Jennifer walked into Paradigm Flow Services’ HQ with her CV and applied for its graduate scheme. Now a graduate process engineer, she works on cutting-edge engineering projects for topside and subsea pipeline blockages.
Jennifer moved to Aberdeen from Stirling as she was looking to spread her wings and experience independent living. While oil and gas is vitally important for the whole country, she didn’t really know anything about the industry until she came to Aberdeen. When she started to learn more about this exciting sector she knew this was the career path for her.
“I always had an interest in science and initially studied in the health side, but it wasn’t where my heart was so switched to engineering,” she says. “The energy industry opened up a whole new range of avenues and I wanted to really test myself. Chemical engineering seemed like the biggest challenge to rise to. It was demanding, but I enjoyed it and found that it was a subject I excelled in.”
Jennifer had two industry placements throughout her course as well as working part-time to help fund her studies. She saw a placement advertised at Paradigm Flow Services in her final summer break and went direct to the company’s Inverurie HQ to hand over her CV in person.
She gained her place on the graduate scheme after doing a work placement at the firm over the summer, so she had a chance to prove what she could do and show them the skills she could bring to the company.
“I think having a direct approach, and the fact that I went out to the HQ to hand over my CV in person, was good,” she notes. “Making that effort was something that helped make me stand out as the industry is already so competitive.
“The interview process went well,” she continues. “I met with the directors, which may sound a tad intimidating, but was actually really positive as they were completely down to earth. I liked what the company was trying to achieve in the industry and appreciated the hard work that they were putting in to make their mark.
“I was offered a permanent position after the three month placement. I was taken on as the first member of the company’s graduate scheme and I am now working on groundbreaking products, playing a part in cutting-edge engineering for topside and subsea pipeline blockages in the offshore oil and gas industry,” she says.
“Hands on experience was what attracted me to Paradigm. I always wanted to pursue a field engineering role, whereby I could learn and develop skills first hand. Paradigm offered a position which allowed me to develop an insight into a range of work scopes both topside and subsea,” she continues. “General experience in lots of different fields is really important for a graduate, not only to develop a broad understanding, but also so you can figure out where you would like your career to go.”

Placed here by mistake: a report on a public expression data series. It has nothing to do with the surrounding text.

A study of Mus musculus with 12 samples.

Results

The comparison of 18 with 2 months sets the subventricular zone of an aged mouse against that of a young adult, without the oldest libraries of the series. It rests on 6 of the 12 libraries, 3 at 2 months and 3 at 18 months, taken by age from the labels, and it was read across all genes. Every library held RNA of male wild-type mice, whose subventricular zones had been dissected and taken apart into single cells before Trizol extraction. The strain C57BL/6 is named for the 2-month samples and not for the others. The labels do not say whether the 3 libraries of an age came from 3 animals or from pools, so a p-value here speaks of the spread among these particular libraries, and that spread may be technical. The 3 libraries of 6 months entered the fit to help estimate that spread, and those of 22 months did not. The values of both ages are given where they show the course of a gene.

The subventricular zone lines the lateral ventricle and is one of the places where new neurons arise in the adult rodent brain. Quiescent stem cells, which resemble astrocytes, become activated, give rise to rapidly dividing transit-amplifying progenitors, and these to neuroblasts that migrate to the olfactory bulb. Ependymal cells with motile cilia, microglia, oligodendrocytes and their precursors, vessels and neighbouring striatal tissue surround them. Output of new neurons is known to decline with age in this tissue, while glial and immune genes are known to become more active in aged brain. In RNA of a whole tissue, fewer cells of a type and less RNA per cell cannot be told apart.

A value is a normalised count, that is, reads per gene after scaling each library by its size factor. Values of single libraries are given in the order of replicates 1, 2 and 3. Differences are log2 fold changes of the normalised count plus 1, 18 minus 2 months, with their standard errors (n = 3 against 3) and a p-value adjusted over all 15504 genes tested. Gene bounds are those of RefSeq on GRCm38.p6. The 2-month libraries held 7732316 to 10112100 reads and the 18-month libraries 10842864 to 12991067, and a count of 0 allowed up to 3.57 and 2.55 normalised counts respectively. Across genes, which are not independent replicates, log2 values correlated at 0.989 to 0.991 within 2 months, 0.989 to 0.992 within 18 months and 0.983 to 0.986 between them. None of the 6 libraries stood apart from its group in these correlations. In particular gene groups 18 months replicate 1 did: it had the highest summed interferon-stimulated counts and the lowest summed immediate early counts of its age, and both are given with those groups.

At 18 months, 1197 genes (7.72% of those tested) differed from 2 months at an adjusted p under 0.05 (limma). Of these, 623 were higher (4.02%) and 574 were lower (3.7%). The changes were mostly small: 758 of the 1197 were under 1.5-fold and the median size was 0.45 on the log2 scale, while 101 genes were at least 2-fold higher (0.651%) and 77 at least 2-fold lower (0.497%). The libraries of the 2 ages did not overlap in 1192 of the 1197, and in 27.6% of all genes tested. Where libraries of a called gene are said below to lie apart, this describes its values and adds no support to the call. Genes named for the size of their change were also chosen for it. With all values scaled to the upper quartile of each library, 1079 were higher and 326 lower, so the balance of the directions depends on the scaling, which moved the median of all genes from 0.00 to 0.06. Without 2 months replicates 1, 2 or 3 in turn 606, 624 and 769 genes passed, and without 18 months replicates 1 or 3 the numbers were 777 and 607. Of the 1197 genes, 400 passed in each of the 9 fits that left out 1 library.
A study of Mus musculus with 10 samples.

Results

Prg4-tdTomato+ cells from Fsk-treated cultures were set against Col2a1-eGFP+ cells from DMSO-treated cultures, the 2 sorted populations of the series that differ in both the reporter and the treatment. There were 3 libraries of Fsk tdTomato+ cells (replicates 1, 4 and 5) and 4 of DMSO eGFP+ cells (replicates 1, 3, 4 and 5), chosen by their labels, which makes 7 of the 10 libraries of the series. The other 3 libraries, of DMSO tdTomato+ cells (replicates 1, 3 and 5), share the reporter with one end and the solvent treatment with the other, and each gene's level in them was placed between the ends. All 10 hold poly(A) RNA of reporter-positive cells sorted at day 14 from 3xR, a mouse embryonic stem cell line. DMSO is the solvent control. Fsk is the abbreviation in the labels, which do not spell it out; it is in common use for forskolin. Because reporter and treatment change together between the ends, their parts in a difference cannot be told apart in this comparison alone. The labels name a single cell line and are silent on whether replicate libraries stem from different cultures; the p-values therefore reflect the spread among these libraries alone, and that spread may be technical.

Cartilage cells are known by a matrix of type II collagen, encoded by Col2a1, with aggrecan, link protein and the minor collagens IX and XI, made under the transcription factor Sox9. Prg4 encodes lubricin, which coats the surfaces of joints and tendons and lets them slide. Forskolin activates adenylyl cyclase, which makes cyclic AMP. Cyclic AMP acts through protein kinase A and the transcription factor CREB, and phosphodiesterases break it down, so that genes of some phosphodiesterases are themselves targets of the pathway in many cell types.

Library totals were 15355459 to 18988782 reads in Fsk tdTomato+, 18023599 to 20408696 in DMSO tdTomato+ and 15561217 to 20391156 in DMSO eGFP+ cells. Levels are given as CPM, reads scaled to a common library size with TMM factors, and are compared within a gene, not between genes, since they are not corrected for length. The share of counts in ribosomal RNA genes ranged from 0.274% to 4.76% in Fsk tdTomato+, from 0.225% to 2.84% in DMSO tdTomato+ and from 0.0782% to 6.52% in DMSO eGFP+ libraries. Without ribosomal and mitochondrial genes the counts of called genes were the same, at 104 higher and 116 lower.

On her placement Jennifer conducted research on Paradigm’s Pipe-Pulse technology, which helps oil and gas companies clear subsea pipeline and umbilical blockages. She is now working with safety-critical technologies in fire water deluge systems, the equivalent of a sprinkler system but for offshore oil and gas installations. These systems are hugely important to ensure the safety of the workforce.
There is a combination of desk-based activity and practical work so she gets a chance to get her hands dirty.
“I have been offshore several times to deploy Paradigm technologies in the field, such as the Pure-Flow chemical system. At the moment I’m trying to achieve 100 days offshore to build up my experience, which ultimately makes my day job a lot easier,” she explains.
“Unfortunately nothing comes easy without hard work and going the extra mile. I’ve always been very proud of my work and dedicated to the job, which sometimes involves working longer hours and having to be flexible, for example going offshore at short notice,” she continues.
“Since being a graduate is the start of your professional career it’s so important to make the best impression you can. After all, reputation is everything, especially in the oil and gas industry.”
One of the biggest challenges she’s faced so far has been the offshore survival training and rope access course, which allowed her to be hands on in the offshore environment, as it was physically tough.
“I was the first female to undertake the rope access course at Allied Training Services and went to the gym for a few weeks beforehand to prepare,” she says.
Jennifer believes that being on a grad scheme has really helped her career, as it’s given her industry insight and great first hand experience.
“I am getting involved in all sides of the engineering from simulation and desk-based research to the hands on experience. This has given me a broader understanding of the industry. Going offshore has also been a big part of my development and progression and it involved a lot of training to be able to do this,” she says.